A few weeks ago it looked like Universal was gearing up to start hiring its annual scare actors (say it fast) for Halloween Horror Nights, the hard-ticket after-hours event that has become a staple of both Universal Studios Hollywood and Universal Studios Orlando (where it’s been a holiday tradition for nearly 30 years). Sadly, these performers will have to be content scaring their pets and significant others, since Universal announced that the events on both coasts this year have been canceled due to health and safety concerns related to the coronavirus pandemic. It’s understandable, but very disappointing.
The official statement about Halloween Horror Nights read: “Universal Orlando Resort will be focusing exclusively on operating its theme parks for daytime guests, using the enhanced health and safety procedures already in place. Universal Studios Hollywood continues to face ongoing business restrictions and uncertainty around its opening timeframe.” Refunds are already being rewarded for those who have already purchased tickets or vacation packages. Universal vows that the event will return for the 2021 spooky season.
Halloween Horror Nights started at the Universal Orlando Resort, then known as Universal Studios Florida, in 1991 under the name “Fright Nights.” The following year it adopted its Halloween Horor Nights moniker, with themed entertainment, haunted houses and scare zones, centered around properties like the classic Universal Monsters and contemporary Universal horror movies like The People Under the Stairs. Early iterations in Florida also had a central character the entire event was themed around. Sometimes that was an actual pop culture figure like the Cryptkeeper from Tales from the Crypt and other times it was a character that Universal had created themselves like the Caretaker.
While Universal Studios Hollywood had attempted seasonal events in both 1986 (which resulted in the actual death of a Universal team member) and 1992, its version of the increasingly popular Halloween Horror Nights didn’t begin until 1997. It has been a staple ever since, scaring the pants off of visitors for more than 20 years.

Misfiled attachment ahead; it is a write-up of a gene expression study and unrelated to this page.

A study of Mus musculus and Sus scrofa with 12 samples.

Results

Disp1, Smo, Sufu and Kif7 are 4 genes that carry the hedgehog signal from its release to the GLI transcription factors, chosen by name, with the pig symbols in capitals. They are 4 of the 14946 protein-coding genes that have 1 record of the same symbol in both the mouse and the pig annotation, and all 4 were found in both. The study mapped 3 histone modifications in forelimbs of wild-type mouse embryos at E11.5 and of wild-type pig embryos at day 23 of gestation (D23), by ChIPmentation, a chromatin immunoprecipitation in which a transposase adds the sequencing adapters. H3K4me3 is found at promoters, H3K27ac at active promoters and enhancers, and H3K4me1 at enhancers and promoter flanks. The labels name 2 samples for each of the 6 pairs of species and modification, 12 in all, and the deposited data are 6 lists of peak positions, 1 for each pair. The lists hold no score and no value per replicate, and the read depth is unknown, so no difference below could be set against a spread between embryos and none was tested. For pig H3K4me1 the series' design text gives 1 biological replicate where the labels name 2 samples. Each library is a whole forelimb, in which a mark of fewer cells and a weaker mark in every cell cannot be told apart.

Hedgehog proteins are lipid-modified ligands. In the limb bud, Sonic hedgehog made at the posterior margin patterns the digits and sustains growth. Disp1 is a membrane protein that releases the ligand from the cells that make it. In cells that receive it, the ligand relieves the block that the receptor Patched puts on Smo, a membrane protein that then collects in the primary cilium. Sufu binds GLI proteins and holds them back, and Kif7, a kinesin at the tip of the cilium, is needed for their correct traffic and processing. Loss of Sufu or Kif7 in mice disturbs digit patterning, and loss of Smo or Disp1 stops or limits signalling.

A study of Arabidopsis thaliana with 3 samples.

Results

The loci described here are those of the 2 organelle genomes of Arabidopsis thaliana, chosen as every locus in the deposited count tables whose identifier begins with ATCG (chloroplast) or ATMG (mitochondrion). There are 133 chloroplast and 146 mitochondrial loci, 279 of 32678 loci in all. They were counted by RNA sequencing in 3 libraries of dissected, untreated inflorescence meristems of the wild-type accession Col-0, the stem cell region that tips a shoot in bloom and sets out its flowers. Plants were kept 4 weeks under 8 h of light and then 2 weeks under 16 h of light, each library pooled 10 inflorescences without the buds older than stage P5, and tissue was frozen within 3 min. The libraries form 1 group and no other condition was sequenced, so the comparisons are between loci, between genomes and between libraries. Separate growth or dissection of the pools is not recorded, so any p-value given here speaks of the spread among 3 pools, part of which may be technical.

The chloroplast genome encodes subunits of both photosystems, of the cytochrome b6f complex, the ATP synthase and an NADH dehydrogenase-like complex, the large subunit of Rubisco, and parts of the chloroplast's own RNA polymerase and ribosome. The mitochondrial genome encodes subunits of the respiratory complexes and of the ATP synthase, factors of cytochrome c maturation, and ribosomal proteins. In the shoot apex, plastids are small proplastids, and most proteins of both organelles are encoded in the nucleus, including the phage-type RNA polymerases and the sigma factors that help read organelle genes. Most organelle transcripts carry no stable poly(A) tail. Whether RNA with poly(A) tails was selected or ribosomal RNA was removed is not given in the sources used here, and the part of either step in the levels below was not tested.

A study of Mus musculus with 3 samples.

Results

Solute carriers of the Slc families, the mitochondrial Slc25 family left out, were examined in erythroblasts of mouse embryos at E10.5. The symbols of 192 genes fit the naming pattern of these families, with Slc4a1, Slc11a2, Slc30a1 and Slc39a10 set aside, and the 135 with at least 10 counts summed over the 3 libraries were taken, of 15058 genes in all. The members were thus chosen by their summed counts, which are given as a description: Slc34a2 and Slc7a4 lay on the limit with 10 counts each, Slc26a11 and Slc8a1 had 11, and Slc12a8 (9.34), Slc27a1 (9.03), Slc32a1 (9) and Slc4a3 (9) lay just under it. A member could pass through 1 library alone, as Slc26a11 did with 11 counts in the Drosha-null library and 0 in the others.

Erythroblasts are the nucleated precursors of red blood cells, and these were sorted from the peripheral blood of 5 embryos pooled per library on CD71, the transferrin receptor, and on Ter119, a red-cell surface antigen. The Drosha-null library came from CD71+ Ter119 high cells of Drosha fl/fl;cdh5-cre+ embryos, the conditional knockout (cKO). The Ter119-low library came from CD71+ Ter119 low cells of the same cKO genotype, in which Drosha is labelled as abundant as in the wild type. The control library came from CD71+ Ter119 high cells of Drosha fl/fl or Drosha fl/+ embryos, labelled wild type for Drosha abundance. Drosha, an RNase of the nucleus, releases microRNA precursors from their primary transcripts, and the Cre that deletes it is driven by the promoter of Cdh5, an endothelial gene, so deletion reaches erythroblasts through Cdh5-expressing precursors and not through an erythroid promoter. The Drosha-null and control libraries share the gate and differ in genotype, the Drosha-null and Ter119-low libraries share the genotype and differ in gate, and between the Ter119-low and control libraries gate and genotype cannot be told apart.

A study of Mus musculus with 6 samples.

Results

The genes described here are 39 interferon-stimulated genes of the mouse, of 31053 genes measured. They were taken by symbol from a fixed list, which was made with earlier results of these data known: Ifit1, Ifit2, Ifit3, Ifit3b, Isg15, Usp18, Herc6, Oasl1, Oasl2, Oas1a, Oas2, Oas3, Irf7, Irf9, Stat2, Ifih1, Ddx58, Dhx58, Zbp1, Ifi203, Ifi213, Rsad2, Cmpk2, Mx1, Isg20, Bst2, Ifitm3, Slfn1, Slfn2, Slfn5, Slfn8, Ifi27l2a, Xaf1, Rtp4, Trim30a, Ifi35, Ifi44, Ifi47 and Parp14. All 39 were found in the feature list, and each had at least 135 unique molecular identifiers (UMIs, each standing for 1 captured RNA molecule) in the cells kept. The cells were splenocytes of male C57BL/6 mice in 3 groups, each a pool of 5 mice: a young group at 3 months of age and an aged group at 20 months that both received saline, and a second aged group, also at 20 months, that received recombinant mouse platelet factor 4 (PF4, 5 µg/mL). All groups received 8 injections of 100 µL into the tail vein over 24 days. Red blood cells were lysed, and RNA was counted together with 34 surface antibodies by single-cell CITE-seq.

In 2011 the overlay debuted at Universal Studios Singapore and the following year it arrived at Universal Studios Japan.
A highlight on both coasts, Halloween Horror Nights has become an annual tradition for horror fans and theme park enthusiasts, thanks to the care, attention and detail put into each of the elaborate haunted houses, scare zones and live entertainment offerings. (There used to be a jokey Bill & Ted-themed live show at Universal Orlando that was taken away when that space was needed for a new attraction and also it was horribly homophobic. Worth wondering if the righteous dudes would have been brought back this year as a tie-in for Bill & Ted Face the Music.) Each year the houses have become bigger, scarier and more fun. Last year there was an Us-themed maze, one of the highlights of the entire event, and one night Lupita Nyong’o stopped by and actually performed as her character from the movie in the maze.
In recent years, too, there was a greater emphasis on television-based properties like The Walking Dead, American Horror Story and Stranger Things, with some houses devoted to more all-ages things like Ghostbusters (that was last year and it was good). But Universal had done a great job of mixing those IP-based mazes with original concepts and characters for a truly unique experience. Among the experiences supposedly planned for this year were houses based on Beetlejuice, pop star Billie Eilish and Netflix’s The Haunting of Hill House.
Coronavirus cases have been surging in California and Florida, the two states with Universal Studios theme parks, and the level of interactivity is probably something that just couldn’t be justified at this time. This Halloween will be a little less special without Halloween Horror Nights.